Still have a few spots open for in-home Bodywork in Buckhead and Sandy Springs
is training designed for the individual. It must meet the individual where they are and evolve continuously to carry the individual toward and beyond their fitness goals. It is never a straight path and it is always challenging. It takes some time for a really skilled personal trainer to get to know the client. There is no formula. The client and trainer create a program from their work together.
is based in practical movement study and always revolves around enabling the client to approach exercise more dynamically and physically. I am skilled at finding ways for even people who are weak, infirm, or injured to work out vigorously. I understand that there is a time to push and a time to maintain, though personal training inherently leans strongly toward the side of pushing. I train clients to learn about exercise and their bodies in order to become their own trainer, so yes, I am aiming with each client to work myself out of a job. My exploration of what is now called “Functional Fitness” began many years before it came into fashion. I use everything at my disposal to create exercises and programs for each client to exceed their fitness and life goals.
My specialties include:
-senior fitness and balance and stability training
-body mechanics and movement coaching
-sport specific conditioning and performance
-interval training and cardio strategies
The only populations that I do NOT seek to train are competitive bodybuilders, physique competitors, and competitive weight lifters. There are many people who are better qualified to train these populations.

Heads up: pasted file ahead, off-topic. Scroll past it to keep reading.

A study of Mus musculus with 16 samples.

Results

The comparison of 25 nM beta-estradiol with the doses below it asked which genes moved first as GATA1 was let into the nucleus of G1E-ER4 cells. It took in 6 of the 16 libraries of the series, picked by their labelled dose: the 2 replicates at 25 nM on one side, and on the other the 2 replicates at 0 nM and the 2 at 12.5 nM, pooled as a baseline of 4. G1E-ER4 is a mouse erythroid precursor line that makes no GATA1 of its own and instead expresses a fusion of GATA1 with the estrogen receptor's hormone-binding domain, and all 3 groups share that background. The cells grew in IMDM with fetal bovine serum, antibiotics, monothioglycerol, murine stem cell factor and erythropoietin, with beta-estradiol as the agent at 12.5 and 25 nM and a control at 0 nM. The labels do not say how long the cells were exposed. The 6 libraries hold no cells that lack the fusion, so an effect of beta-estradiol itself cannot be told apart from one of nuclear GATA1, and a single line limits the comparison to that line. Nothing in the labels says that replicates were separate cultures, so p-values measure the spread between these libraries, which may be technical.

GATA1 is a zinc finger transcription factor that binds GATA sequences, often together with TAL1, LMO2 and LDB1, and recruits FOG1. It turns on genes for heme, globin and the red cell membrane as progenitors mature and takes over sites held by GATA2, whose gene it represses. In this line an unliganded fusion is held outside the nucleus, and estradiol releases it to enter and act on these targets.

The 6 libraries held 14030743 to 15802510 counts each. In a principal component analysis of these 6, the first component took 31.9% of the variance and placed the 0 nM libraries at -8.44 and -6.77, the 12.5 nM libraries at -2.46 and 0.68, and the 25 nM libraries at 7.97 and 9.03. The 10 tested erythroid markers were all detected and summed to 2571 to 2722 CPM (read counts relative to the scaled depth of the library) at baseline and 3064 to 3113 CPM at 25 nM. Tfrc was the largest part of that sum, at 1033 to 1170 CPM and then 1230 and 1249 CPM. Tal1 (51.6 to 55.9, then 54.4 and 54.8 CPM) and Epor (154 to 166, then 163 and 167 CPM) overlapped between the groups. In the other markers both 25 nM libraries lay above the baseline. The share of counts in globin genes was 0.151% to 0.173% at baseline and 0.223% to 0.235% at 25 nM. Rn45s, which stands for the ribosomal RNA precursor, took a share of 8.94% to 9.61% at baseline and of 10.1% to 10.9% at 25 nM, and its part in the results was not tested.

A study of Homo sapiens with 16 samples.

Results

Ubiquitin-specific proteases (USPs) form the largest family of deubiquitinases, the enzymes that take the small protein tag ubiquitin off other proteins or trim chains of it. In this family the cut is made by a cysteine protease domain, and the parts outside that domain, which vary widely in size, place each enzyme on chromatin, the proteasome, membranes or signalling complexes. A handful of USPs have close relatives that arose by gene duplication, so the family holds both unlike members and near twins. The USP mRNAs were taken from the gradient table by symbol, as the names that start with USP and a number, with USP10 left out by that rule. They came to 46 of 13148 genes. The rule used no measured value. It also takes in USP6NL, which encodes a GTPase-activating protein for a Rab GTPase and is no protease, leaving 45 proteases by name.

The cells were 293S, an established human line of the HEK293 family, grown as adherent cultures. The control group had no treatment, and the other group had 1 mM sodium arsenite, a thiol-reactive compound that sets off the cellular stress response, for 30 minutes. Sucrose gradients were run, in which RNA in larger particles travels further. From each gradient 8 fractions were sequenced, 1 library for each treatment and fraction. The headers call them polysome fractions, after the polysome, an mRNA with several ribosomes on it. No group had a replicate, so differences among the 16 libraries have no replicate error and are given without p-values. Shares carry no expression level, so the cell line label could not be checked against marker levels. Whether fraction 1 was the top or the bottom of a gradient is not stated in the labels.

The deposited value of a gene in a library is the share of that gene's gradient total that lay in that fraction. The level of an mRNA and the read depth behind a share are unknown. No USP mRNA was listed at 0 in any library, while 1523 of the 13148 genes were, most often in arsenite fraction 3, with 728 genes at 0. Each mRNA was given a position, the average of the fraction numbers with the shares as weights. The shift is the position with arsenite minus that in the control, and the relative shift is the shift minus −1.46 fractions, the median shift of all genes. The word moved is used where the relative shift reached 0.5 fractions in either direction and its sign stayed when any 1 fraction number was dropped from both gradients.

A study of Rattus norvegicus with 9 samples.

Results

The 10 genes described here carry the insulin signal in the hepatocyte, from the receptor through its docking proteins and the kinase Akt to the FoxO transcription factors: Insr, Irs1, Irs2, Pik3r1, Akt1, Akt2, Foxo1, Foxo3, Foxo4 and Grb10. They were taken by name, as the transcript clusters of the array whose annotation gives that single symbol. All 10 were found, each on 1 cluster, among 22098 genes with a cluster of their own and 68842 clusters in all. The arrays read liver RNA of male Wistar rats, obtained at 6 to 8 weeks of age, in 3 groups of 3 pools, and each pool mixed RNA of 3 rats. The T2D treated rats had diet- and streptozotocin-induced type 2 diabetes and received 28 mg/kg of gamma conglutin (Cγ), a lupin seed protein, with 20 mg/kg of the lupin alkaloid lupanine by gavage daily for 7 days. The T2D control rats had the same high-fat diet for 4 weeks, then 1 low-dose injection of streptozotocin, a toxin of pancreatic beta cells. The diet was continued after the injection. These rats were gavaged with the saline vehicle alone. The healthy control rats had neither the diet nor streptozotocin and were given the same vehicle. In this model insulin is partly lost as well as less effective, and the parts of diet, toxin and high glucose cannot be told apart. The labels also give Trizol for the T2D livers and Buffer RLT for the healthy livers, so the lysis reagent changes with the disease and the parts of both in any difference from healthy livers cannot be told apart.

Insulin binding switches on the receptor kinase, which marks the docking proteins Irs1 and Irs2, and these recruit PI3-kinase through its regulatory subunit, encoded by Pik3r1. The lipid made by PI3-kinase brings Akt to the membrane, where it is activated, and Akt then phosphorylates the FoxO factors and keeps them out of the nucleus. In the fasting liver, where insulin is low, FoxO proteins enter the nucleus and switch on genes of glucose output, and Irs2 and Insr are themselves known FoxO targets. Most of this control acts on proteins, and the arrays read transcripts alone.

body weight exercises, functional equipment (I am in love with battle ropes and I always have a set in my car), weights (free weights, kettle bells, stack weights) and select resistance training machines, cardio equipment, running (particularly trails), stretching and decontraction, speed and agility (athletic) training, coordination and balance challenges
Though I do not like the term "core" I am using it because it is now the term commonly used to refer to the muscles of the trunk. Most of the fitness industry simply has the wrong understanding of core training, the function of the abdominal muscles, and how to train them optimally. The "core" muscles must be trained to be elastic, supportive, dynamic, and responsive; NOT rigid or held. The relationship of the spine to the "core" muscles is the key to moving dynamically and I teach all of my clients how to work toward optimizing that relationship.